A survey suggests that an overwhelming proportion of estate agents believe the government should make the provision of upfront property information mandatory.
The poll found that 91 per cent wanted upfront information and only nine per cent opposed the idea. The survey was one of several taken at a webinar, attended by hundreds of agents and hosted by pro-upfront information company Gazeal.
Other polls included one looking at how long agents believed a typical house move would take: for 57 per cent it was three months, for 29 per cent it was four months, and for 13 per cent it was six months.
A further poll asked agents when they are most likely to be instructed. For just six per cent this was before the initial appointment with sellers while for 24 per cent instruction happens at the appointment itself, and for the lion’s share - 70 per cent - instruction occurs after the appointment.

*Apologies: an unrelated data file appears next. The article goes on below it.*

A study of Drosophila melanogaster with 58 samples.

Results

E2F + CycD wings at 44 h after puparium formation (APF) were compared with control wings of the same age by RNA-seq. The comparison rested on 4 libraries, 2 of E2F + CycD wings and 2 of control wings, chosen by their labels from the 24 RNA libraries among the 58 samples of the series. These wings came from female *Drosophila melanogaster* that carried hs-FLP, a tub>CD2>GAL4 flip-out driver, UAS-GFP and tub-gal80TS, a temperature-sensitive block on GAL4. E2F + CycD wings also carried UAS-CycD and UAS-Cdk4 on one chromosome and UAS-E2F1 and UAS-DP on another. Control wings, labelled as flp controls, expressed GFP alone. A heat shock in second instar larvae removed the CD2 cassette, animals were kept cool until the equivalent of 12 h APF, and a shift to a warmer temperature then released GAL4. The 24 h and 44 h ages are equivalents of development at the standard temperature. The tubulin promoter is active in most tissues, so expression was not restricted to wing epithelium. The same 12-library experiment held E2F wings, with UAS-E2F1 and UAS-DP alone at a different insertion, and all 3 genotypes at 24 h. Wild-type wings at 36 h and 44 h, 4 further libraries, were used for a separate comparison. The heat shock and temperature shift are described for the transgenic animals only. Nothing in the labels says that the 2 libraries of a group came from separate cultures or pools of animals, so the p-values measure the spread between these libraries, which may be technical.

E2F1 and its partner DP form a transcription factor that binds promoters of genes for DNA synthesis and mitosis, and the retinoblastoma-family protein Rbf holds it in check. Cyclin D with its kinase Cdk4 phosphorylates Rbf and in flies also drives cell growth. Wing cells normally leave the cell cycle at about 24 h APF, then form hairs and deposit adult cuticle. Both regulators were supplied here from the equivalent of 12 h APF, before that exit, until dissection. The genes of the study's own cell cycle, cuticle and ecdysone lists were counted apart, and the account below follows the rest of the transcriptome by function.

A final survey at the event asked whether the government’s official How to Sell guide should feature as part of an agent’s listing process, to which a massive 92 per cent said yes - just eight per cent disagreed.
Gazeal co-founder Bryan Mansell says: “The numbers suggest that most sellers, therefore, expect a fairly quick sale, with a turnaround of only three months. And the speed of a sale can 100 per cent be improved by the provision of upfront information as standard, to move things along much swifter.”
He adds: “The poll results above show the industry is willing to change, and is ahead of the government in terms of upfront information, which is a no-brainer for so many.
“At Gazeal, we’re keen not to just be another PropTech firm, we’re here to help agents, to help them grow their bottom lines and enhance their business … We are creating hundreds of reports to help agents win more instructions and win the battle for listings, which is going to be the dominant theme of 2022.”
Last week Estate Agent Today reported that one of the back-room drivers behind reform of the house buying process - civil servant Matt Prior - would be moving to the issue of leasehold reform next month, after several years working on ‘upfront information’ issues such as reservation agreements.
You can see more on Prior’s move here.